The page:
Go from Reactive to Proactive Management

Handling things differently with preparation and organization

A woman in town put on an art and wine walk this weekend. It was a colossal failure. Not because the art or the wine were bad, but because she is a classic "reactive manager."

I don't know if there could be better example of what can go wrong when you're reactive instead of proactive. Below are five classic problems that arose and how she could have easily handled them.

Time Management

The brochure had to be laid out twice because the correct information wasn't provided the first time. This not only taxed the volunteer help putting it together, it also added potential for more errors and it ultimately went to print late.

Answer: Get better organized. Be sure to have all the information in hand before delegating to someone else.

Setting Priorities

Early on the planner found out that there would be a large car show held on the same date and on the same streets. She decided to worry about that later. She was going to find great artists and wine makers. Of course, the huge car show completely overpowered the art and wine walk. In fact, few people even knew the art and wine event was going on.

Answer: If she had made it a priority to either change the date or try to combine marketing with the car show, her event could have flourished. By prioritizing poorly, the art show was doomed.

Managing Risk

Another risk the planner faced having a small art and wine walk the same day as a huge car show (if you ignore the obvious) was the investment in music. The art walk planner had hired an acoustical guitar player to play on a street corner. The car show had huge speakers set up and down main street, pumping tunes all day. The investment in the guitar player was wasted.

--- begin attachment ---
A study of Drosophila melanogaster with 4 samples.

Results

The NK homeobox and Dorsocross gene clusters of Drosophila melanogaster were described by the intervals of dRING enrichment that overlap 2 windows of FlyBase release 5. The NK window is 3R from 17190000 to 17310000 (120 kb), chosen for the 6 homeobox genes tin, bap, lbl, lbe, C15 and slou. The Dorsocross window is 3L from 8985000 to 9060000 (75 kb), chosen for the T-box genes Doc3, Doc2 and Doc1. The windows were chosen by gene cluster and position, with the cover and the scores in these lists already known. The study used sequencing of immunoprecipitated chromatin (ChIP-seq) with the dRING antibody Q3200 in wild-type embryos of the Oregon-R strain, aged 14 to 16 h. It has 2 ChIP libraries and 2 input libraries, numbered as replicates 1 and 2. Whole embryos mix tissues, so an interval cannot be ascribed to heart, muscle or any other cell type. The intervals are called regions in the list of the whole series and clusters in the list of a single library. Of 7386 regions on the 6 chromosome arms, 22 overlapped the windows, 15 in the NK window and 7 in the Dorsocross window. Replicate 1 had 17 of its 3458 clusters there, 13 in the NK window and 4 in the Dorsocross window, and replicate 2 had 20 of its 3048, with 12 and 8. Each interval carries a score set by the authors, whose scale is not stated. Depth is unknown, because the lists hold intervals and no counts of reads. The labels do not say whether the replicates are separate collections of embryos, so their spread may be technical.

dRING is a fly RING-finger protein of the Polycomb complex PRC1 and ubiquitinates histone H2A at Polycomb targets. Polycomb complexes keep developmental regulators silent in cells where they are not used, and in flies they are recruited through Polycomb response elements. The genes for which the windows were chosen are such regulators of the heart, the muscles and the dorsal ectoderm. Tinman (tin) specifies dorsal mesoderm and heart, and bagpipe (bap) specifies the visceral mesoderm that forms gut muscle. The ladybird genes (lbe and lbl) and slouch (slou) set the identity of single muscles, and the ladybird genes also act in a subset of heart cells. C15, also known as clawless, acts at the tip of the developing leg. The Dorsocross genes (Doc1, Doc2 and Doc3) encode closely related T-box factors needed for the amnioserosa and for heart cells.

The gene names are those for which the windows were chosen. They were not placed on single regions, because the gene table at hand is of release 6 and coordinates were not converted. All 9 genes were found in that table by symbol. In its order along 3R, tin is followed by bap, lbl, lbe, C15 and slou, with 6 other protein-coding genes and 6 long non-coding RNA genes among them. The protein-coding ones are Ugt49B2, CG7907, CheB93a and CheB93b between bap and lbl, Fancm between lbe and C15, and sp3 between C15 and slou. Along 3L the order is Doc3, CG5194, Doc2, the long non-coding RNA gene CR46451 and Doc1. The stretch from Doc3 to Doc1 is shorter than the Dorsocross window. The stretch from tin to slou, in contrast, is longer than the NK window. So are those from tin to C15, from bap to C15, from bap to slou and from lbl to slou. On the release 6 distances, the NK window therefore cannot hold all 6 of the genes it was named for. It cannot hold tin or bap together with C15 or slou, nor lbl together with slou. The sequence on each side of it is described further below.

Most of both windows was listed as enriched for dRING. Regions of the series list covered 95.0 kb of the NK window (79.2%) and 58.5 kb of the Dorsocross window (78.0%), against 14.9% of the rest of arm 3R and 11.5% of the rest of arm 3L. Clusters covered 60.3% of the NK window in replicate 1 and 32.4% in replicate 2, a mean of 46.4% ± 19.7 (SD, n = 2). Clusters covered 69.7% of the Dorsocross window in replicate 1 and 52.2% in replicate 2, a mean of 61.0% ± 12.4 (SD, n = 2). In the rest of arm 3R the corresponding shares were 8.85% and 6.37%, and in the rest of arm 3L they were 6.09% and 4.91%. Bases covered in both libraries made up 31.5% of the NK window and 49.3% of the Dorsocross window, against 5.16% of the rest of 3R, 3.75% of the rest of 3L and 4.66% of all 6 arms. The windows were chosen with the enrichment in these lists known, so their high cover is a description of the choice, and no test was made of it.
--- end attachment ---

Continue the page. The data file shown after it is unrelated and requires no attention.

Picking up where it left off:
Answer: Because there would be money and time involved in putting on the art and wine walk, she should have been proactive and talked to the organizers of the car show about their plan, so she could make better informed decisions.


As the art walk neared, the planner was getting a lot of negative feedback—essentially that a train wreck was about to take place. She was stressed and frustrating to work with.

Answer: If she had been organized and proactive, she wouldn't have had to deal with 90 percent of the stress. She brought most of it on herself and others.

Poor Moral

The volunteers, sponsors, artists, wine makers were bummed. They spent time preparing and participating and it was all for nothing. Her reactionary management caused ill feelings and the event probably won't take place again.

Answer: And if the planner had been proactive and handled things differently the little art and wine walker would have been a success and people would be planning for next year's event.

The big take away for me, watching this event, was the value of organization and prioritization. And not to be afraid to face issues head on. The results of reactionary leaders can result his terrible consequences.

If you're a manager who suffers from lack of preparation and organization from time to time, you might want to check out our Supervisor and Managers Training Solutions.

Be proactive. Be organized. It makes that glass of wine at the end of the all that more relaxing. 

Diane Mettler has been a manager for nearly 20 years. She's also a freelance writer and editor—with hundreds of her articles published in a variety of magazines—and teaches writing at the University of Washington.